May 23, 2023 | 07:00:00 GMT+7 | Weather 26°
Follow us:
70th anniversary of Hanoi's Liberation Day Vietnam - Asia 2023 Smart City Summit Hanoi celebrates 15 years of administrative boundary adjustment 12th Vietnam-France decentrialized cooperation conference 31st Sea Games - Vietnam 2021 Covid-19 Pandemic
Nov 11, 2019 / 16:21

Power shortage could happen in Vietnam from 2019: Deputy PM

The power shortage will come sooner than forecast due to the delay of key power generation projects.

Vietnam is likely to face power shortage right in 2019 instead of 2020 or 2022 as it was warned earlier, Deputy Prime Minister Trinh Dinh Dung said.

The shortage might come sooner due to the delay of some big power projects which are from one to five years behind the schedule, Dung said at a Q&A session at the ongoing National Assembly session.

Deputy Prime Minister Trinh Dinh Dung at a National Assembly session last week. Photo: VGP 

“Power shortage will become more obvious in the near future if we don’t have drastic measures to cope with,” the Deputy PM during a session where Minister of Industry and Trade Tran Tuan Anh was grilled last week.

The Deputy PM addressed some challenges, as follows:

(1) The structure of the electricity sector has been evolving over the past years, requiring an adjustment to the national power plan to 2020 with a vision to 2030 (Power Plan VII).

If the government fails to adjust the plan, it’s hard to generate enough power to meet the demand, he noted.

(2) Investment needs for power generation and transmission are huge, about US$130 billlion from now until 2030, or US$12 billion per year, including US$9 billion for power production and US$3 billion for power transmission.

The Deputy PM said it’s hard to mobilize such an amount of money for the power sector in the next decade and financial shortage remains one of the big challenges for Vietnam.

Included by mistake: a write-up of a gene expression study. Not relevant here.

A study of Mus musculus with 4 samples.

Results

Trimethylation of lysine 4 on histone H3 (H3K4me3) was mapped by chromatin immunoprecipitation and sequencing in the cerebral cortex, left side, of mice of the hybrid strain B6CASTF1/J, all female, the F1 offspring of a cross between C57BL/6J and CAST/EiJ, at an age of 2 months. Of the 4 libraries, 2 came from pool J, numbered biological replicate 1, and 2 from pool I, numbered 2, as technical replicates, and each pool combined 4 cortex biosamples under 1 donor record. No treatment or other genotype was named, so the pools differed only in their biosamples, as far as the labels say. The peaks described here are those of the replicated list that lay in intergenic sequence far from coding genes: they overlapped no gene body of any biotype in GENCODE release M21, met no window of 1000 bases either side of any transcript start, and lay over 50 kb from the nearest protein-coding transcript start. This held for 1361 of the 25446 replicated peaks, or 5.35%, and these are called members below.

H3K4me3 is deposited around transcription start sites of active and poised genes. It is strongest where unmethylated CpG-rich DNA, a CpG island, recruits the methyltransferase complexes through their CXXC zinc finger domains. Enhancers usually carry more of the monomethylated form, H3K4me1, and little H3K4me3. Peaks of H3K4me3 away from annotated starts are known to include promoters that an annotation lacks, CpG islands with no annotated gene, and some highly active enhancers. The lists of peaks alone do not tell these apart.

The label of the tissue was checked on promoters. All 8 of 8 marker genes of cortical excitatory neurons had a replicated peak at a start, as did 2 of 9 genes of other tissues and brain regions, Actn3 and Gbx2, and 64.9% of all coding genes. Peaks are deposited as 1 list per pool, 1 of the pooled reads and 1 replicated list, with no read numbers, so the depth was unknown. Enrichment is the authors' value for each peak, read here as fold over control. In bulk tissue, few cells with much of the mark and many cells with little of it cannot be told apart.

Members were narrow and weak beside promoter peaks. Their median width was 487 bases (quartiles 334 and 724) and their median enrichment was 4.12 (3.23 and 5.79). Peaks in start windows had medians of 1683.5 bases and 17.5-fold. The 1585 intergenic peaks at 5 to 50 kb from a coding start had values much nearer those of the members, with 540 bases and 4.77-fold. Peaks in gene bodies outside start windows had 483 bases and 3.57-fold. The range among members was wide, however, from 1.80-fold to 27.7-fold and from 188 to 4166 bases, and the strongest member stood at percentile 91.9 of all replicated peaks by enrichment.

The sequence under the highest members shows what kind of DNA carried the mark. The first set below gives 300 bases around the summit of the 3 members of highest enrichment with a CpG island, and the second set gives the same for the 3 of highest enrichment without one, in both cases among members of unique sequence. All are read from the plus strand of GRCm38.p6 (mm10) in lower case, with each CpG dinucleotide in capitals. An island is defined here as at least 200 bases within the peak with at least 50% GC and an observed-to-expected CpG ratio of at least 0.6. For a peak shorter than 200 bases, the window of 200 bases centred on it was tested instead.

(3) The structure of the electricity sector is different among regions. Indeed, the northern and central regions consume 50% of the total power volume but produce more than 60% while the southern region consume 50% and produces 40%.

It requires both money and efforts to build the 500-kV North-South line – tranche 3, Dung urged.

(4) Power transmission network in several areas is not inline with the newly generated volume which largely comes from renewable sources.

 Vietnam may face power shortage sooner than forecast. Photo: Istock

To ensure enough power for the development, the Deputy PM pointed out several tasks that should be fulfilled for the 2021-2030 period.

(i) Soon put into operation key power projects namely Thai Binh 2 Thermal Power Plant, Song Hau 1 Thermal Power Plant, Long Phu 1 Power Plant as well as speed up some others, such as Van Phong 1 Thermal Power Plant, Nghi Son, Nhon Trach Power Complexes.

(ii) Supporting gas-fueled projects namely Ca Voi Xanh and Block B, and LNG-to-power projects of Son My, Long Son, and Ca Na in the would-be Power Plan VIII.

(iii) Encouraging private investment in power transmission to soon make the supply and demand matched.